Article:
Hobby Lobby Hates Women


Well, it has certainly hit the fan.

No, I don’t think Hobby Lobby really hates women, but I have seen people on social media say that.

Within a day, the nation has drawn up lines and split in two (yet again) over the recent Hobby Lobby case before the Supreme Court.

One jokester even put it like this:

Conservative Xians: HOORAY, Hobby Lobby. HOORAY, Jesus!
Liberal Xians: #%!#@ Hobby Lobby. The world is doomed.

It certainly does seem to be how Christians are taking sides. Personally, I just don’t see the left’s side.

Some points to consider:

1. Hobby Lobby is not denying women access to contraceptives, they ask not to be forced to pay for particular contraceptives (and they do cover others).
2. If women want a particular product they are still allowed to go get it on their own.

A friend recently railed against employers dictating medical decisions to women.

Hobby Lobby

Some workplaces cover things like medical, dental, auto, etc. Other workplaces cover nothing. But we have the freedom to go find what we want if we’re willing to pay the price. No freedom is being restricted. No one is being told, “YOU CAN’T DO THAT!” There is not loss of liberty or freedom.

No religious belief is being imposed on anyone. People are still free to believe and act how they want. Being required to pay for your own decisions is not the same thing as having a religious belief imposed on you.

Coming from a biblical perspective, I’ve seen people say, “The Bible calls us to respect and submit to authority. Shouldn’t we just accept the healthcare law without saying anything about it?”

Biblically, no.

When the Apostle Paul wrote about submitting to authority he was writing to people who lived in a time and place who had only two options: submit or rebel. You couldn’t lawfully change the emperor’s mind. So Paul instructed Christians that rebellion is not the way of Jesus. But we don’t live in that kind of society. In a democratic republic we have the option of participating in forming laws and petitioning to change laws that shouldn’t exist.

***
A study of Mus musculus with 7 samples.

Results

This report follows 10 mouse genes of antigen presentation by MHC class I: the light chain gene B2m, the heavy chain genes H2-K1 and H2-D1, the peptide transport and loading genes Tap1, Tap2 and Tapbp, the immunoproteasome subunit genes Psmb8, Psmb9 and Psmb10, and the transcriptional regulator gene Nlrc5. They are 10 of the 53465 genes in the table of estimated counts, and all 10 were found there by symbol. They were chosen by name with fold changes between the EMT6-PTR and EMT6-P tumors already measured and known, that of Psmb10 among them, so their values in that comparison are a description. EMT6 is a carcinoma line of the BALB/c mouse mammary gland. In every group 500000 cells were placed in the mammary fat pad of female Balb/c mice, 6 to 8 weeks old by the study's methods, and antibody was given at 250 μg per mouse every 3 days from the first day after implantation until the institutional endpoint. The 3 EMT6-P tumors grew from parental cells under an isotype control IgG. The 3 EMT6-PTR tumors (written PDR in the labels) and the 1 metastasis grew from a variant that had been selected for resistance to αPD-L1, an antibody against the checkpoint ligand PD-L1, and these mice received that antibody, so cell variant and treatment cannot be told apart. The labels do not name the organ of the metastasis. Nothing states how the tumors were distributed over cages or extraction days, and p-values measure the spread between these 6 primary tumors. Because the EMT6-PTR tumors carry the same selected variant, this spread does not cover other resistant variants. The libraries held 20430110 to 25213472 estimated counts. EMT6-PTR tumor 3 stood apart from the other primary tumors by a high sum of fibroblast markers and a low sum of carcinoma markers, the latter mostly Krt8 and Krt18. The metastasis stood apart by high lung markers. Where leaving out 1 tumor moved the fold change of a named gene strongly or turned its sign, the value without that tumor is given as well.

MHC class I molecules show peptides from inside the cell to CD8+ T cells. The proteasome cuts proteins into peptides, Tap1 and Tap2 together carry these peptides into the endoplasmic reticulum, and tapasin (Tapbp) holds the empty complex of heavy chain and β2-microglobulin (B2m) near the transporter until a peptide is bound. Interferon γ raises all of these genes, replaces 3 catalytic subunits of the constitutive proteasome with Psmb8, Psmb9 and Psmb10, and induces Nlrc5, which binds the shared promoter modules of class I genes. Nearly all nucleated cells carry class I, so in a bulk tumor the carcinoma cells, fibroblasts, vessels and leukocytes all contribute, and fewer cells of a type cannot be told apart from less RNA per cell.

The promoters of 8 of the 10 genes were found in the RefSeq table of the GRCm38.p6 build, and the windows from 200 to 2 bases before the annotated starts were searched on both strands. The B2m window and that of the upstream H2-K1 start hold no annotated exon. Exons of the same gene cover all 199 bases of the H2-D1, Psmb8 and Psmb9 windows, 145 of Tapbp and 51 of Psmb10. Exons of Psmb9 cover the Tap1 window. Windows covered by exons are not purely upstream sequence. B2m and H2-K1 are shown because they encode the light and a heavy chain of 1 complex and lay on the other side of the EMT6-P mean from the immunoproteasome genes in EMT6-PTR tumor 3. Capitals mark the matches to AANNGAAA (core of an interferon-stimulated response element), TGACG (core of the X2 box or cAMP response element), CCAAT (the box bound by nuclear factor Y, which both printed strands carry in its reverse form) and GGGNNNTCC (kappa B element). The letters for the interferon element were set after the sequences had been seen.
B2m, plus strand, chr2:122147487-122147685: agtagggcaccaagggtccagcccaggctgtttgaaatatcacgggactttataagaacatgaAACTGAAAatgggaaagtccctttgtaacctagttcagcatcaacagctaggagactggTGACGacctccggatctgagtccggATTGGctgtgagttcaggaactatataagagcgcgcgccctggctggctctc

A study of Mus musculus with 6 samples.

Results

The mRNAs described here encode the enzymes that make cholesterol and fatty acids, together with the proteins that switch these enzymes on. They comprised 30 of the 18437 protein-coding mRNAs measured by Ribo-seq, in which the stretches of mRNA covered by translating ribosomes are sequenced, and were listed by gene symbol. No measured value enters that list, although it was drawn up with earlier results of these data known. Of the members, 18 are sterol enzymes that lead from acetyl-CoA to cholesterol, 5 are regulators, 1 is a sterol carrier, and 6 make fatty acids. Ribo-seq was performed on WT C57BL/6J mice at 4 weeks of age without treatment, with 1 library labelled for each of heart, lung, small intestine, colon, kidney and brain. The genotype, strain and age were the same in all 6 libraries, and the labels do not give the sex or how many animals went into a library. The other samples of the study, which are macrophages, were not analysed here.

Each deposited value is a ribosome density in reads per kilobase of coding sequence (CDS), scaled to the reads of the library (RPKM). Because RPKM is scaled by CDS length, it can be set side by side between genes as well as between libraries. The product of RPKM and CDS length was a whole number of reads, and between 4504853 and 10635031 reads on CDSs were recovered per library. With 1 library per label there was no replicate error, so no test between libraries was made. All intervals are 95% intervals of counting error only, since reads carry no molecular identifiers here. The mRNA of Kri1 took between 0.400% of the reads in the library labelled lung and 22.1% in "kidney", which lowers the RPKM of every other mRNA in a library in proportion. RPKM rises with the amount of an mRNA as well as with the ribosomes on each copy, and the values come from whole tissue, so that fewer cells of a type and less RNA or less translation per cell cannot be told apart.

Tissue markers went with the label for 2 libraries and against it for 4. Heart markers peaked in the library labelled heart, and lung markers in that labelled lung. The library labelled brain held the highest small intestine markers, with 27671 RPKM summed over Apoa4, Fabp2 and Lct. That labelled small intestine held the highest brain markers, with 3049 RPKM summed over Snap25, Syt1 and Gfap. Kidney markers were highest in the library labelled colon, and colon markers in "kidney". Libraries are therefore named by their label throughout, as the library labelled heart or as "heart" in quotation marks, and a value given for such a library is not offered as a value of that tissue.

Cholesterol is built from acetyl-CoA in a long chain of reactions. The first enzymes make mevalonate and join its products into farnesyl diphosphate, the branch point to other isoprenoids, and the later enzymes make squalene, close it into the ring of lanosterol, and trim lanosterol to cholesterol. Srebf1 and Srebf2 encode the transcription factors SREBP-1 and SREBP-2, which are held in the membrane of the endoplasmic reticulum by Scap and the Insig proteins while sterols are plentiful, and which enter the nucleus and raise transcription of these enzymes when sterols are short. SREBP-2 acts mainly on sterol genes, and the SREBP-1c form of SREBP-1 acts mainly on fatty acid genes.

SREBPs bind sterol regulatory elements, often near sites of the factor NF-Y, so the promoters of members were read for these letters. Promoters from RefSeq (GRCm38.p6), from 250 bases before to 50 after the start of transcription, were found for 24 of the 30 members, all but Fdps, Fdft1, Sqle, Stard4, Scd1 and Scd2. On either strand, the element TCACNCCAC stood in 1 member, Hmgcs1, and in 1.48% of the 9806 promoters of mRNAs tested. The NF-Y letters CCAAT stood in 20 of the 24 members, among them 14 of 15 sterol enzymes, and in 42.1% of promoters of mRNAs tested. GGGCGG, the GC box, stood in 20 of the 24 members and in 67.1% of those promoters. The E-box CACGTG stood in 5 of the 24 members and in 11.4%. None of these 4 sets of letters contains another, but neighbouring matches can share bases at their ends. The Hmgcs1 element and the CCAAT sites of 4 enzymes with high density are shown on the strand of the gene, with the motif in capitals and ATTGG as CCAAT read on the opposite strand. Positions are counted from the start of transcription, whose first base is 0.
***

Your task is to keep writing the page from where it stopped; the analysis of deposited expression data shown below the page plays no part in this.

Christians can work within the system to make (from our perspective) a positive change in society. There is nothing biblically wrong with that.

“But, Chris, isn’t that forcing our opinions on others?!”

All laws force opinions on others. The question is: who will have the winning opinion?

At the end of the day, I’d rather have laws that reflect a Christian worldview than laws that reflect an Atheist worldview.

The day will come (indeed, it is already fast approaching) when the Christian worldview is completely overturned. When that happens, and we no longer have legal recourse, then Paul’s admonitions once again apply: submit rather than rebel. Rebelliousness is not a quality of Christ.

Until then, there is nothing wrong with Christians using the legal system to protect our beliefs and values.

I know this is a hot topic for many people. I welcome all comments as long as you keep it civil and respectful. πŸ™‚

Related Post:
Hobby Lobby and Taking a Stand for Faith

6 Replies to “Hobby Lobby Hates Women”

  1. Even your own insurance company dictates what they will and will not cover, so I don’t understand the issue with this. The Muslims are allowed to not have any insurance and no one fusses. The devil is having a field day, for sure!


  2. Pastor Chris,

    I hate how everything has become a “right.” I have doubts that marriage is driving this push for mandatory contraceptives. I can understand that most married women simply don’t want to have a child every time they have sex with their husband. However, I don’t think that’s the majority of women who say we “hate” them. It seems many liberal women have adopted “Sex and the City” mantra: “I can have sex like a man.” They want to pursue illicit relationships without the consequence of pregnancy. This problem has also driven abortion on-demand. Yet, pregnancy is not a “consequence” in marriage, neither is an unborn child merely a “fetus” (or the even worse term, “parasite”). The Hobby Lobby case represents the gross moral decay of American society, of which its worst sinners want us to literally pay them for their evil deeds.


  3. I’ve never been in one of these stores, so my opinion is under-qualified. I think your arguments are well-reasoned. My concern is over a different aspect – a change in the balance of power between the rights of a group affiliated for trade (corporation) vs protections afforded to individual employees.

    The central intent of the PPACA is to reduce cost and improve health outcomes. You do that by insuring more people for more time for more health conditions. Every time you add an exemption, it reduces the number of those covered, and increases cost. I’m not really arguing on a moral basis. Just doing the numbers.


    1. Interesting point. Out of the 20 types of contraceptives mandated by the ACA, Hobby Lobby covers 16. They only object to 4. In this particular instance, the objective of the ACA (to provide care) is still met without demanding the owners/operators violate their belief system.

      Thanks for the insight.


      1. Exactly. If a patient is advised to use one of the exempted 4 methods by their medical provider, they must bear the cost themselves, a greater amount than if covered by the employer’s insurance plan, which is purchased at a lower cost because it’s a group doing the buying.

        You’re welcome πŸ™‚


        1. From what I understand, they objected on grounds of conscience to the four that can or might cause the death of a developing child in the early embryonic stage, if conception has occurred.